By Gerhard Apfelthaler
It is the year 1000. Traders are crossing oceans to Arabia, East Africa, India and China. The Vikings are sailing to Canada, and the Maya are exploring lands as far as Colombia and today’s Mississippi River Valley. This is when globalization began, asserts author Valerie Hansen in a book published this year. Fast forward to 2020. Is this the year that globalization comes to an end?
Recent reports already read like eulogies — Oxford Economics thinks that total global trade in goods and services could fall by 10 percent to 15 percent in 2020. The International Chamber of Commerce and the Boston Consulting Group in a joint research report projected scenarios in which global trade could fall by anywhere between 11 percent and 30 percent this year. And the United Nations Conference on Trade and Development forecasts trade will fall by 27 percent in the second quarter of the year.
Globally, estimates show that about 20 percent to 30 percent of container-ship departures had been canceled through this month, according to Ocean Insight. And closer to home, recent data shows that overall exports of U.S. goods declined by roughly 6.7 percent in March, with the important automotive sector plummeting by 18 percent.
Populists and anti-globalists from the left and right have quickly embraced the narrative of globalization as a failed experiment, and declared that its end has come.
New York Times columnist Ross Douthat calls COVID-19 a “world crisis tailor-made for an anti-globalization … worldview.” Robin Niblett, director of a British foreign policy think tank, noted that the “coronavirus pandemic could be the straw that breaks the camel’s back of economic globalization.” And, according to frequent commentator Gary Shilling, it is “driving the last nail into the coffin of the globalists.”
Will COVID-19 really be the death blow to globalization? I don’t think so. Advances in technology and communication, increases in capacity, and decreases in the cost of shipping and global cost arbitrage have sliced manufacturing into discrete steps, resulting in highly complex and fragile supply chains. The last weeks have certainly been a stress test on these supply chains, but let’s not throw out the baby with the bathwater.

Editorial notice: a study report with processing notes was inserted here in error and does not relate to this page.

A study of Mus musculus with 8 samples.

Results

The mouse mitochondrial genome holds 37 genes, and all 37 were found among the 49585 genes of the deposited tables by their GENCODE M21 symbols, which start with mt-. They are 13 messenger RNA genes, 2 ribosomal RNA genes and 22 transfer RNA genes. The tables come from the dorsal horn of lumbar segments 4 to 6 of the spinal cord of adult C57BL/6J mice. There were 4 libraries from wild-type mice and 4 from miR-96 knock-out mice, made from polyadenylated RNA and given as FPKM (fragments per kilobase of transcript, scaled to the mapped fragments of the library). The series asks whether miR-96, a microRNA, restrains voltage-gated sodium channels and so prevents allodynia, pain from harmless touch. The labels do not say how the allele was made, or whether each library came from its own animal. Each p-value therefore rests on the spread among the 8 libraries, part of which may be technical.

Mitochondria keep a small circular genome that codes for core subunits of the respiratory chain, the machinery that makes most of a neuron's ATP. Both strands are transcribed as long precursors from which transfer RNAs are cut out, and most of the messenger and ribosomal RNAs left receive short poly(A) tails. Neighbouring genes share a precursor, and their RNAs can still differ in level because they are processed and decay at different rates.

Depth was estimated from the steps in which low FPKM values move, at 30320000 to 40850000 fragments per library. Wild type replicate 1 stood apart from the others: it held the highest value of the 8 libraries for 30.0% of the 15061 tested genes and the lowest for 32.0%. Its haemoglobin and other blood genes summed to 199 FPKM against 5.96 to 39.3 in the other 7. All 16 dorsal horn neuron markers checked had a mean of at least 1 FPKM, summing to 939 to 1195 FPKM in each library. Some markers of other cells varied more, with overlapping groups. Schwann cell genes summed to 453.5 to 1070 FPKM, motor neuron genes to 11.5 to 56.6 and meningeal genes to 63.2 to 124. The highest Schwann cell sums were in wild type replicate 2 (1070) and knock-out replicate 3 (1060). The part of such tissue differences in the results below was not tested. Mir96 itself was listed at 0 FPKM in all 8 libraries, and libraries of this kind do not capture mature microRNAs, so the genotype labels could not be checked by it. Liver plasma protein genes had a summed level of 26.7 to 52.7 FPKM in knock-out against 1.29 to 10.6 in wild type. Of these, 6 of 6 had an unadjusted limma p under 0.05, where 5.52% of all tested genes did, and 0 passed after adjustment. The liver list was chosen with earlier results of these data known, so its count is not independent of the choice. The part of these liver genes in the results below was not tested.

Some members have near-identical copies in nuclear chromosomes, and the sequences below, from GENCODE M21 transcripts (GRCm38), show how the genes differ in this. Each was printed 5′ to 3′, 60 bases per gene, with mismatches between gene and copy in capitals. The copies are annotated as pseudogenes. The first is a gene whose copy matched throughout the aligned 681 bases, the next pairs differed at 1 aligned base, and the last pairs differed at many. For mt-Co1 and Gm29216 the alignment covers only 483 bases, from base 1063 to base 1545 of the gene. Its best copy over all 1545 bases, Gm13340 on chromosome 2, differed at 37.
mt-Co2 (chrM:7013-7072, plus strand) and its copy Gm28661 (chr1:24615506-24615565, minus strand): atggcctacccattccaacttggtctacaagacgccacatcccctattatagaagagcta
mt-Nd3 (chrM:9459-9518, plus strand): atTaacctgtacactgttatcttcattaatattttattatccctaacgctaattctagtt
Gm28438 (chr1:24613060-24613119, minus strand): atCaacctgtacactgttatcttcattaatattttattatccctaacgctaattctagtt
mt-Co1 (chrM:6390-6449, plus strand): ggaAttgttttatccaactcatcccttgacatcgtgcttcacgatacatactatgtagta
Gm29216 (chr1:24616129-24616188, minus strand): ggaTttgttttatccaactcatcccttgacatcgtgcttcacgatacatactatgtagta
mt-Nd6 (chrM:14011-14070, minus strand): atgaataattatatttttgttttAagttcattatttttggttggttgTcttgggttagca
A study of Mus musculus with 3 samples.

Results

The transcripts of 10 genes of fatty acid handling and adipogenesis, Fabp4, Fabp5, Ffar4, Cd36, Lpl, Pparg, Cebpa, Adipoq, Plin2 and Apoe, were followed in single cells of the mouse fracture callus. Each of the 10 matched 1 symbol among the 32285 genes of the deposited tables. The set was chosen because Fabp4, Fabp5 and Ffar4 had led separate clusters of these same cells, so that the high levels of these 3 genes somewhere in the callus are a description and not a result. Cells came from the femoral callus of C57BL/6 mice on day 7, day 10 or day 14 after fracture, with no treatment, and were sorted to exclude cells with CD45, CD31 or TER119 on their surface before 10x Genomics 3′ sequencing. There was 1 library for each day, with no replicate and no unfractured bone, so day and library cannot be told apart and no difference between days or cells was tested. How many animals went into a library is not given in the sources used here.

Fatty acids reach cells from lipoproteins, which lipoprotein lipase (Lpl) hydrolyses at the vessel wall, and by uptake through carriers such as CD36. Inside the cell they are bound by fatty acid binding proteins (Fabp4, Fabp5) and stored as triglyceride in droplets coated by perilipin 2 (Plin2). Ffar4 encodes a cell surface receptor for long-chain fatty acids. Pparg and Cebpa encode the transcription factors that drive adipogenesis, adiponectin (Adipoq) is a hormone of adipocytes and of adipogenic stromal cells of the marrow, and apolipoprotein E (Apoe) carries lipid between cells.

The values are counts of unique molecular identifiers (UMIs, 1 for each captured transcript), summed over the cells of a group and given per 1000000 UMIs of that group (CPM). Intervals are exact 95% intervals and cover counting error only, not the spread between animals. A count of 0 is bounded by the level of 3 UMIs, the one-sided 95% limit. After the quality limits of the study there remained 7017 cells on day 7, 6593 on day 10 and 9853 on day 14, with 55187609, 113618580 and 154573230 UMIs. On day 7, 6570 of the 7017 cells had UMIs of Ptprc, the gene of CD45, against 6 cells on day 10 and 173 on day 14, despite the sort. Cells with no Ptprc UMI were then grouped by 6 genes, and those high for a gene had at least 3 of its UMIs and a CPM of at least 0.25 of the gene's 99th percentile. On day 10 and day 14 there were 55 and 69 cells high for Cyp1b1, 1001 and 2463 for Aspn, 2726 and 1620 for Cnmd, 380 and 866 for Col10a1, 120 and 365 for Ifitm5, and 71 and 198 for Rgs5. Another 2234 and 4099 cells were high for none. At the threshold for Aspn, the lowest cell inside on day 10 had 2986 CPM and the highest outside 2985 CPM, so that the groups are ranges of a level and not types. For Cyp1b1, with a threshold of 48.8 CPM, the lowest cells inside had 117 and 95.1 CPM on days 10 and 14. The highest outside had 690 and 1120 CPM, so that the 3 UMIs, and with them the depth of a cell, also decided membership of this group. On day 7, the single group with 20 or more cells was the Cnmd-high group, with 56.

Decoupling the U.S. economy from the global networks of supply chains and engaging in massive onshoring or reshoring might create more problems than it will fix. In the short and medium term it would cause severe disruptions and shortages, and in the long term it would make U.S. products less competitive — at home and abroad. Anyone who believes that we could maintain our treasured standard of life should be reminded of the 2007 experiment at Drexel University, the “100-mile suit.” The aim of the experiment was to produce a suit with labor and parts from within a 100-mile radius around Philadelphia. After several months and 500 hours of work by 20 people, the finished product only very distantly resembled a suit – produced at exponentially higher cost.
What is needed is not a radical solution, but measured and meaningful change. The U.S. will certainly have to change the fact that it now imports almost all of certain common antibiotics, over-the-counter pain medications and other active pharmaceutical ingredients from one country — China. What is needed is smarter globalization and a diversification of supply chains. Companies will look to source from other countries, maybe multiple countries for a single product. And through the establishment of parallel regional supply chains, companies just might have to learn how to hedge against future crises.
Accept it, globalization has become a fact of life. It has lifted people throughout the world out of poverty, and it saves each consumer in the U.S. an estimated $10,000. Globalization may change its course, pace or form, but it is bound to stay. China is already emerging from the crisis, and its exports rose by a surprising 3.5 percent in April, crushing expectations for a decline of 15.7 percent. And when the U.S. economy finally emerges from its lockdown, there will be a market somewhere that will want our exports.
• Gerhard Apfelthaler is dean of the School of Management at California Lutheran University.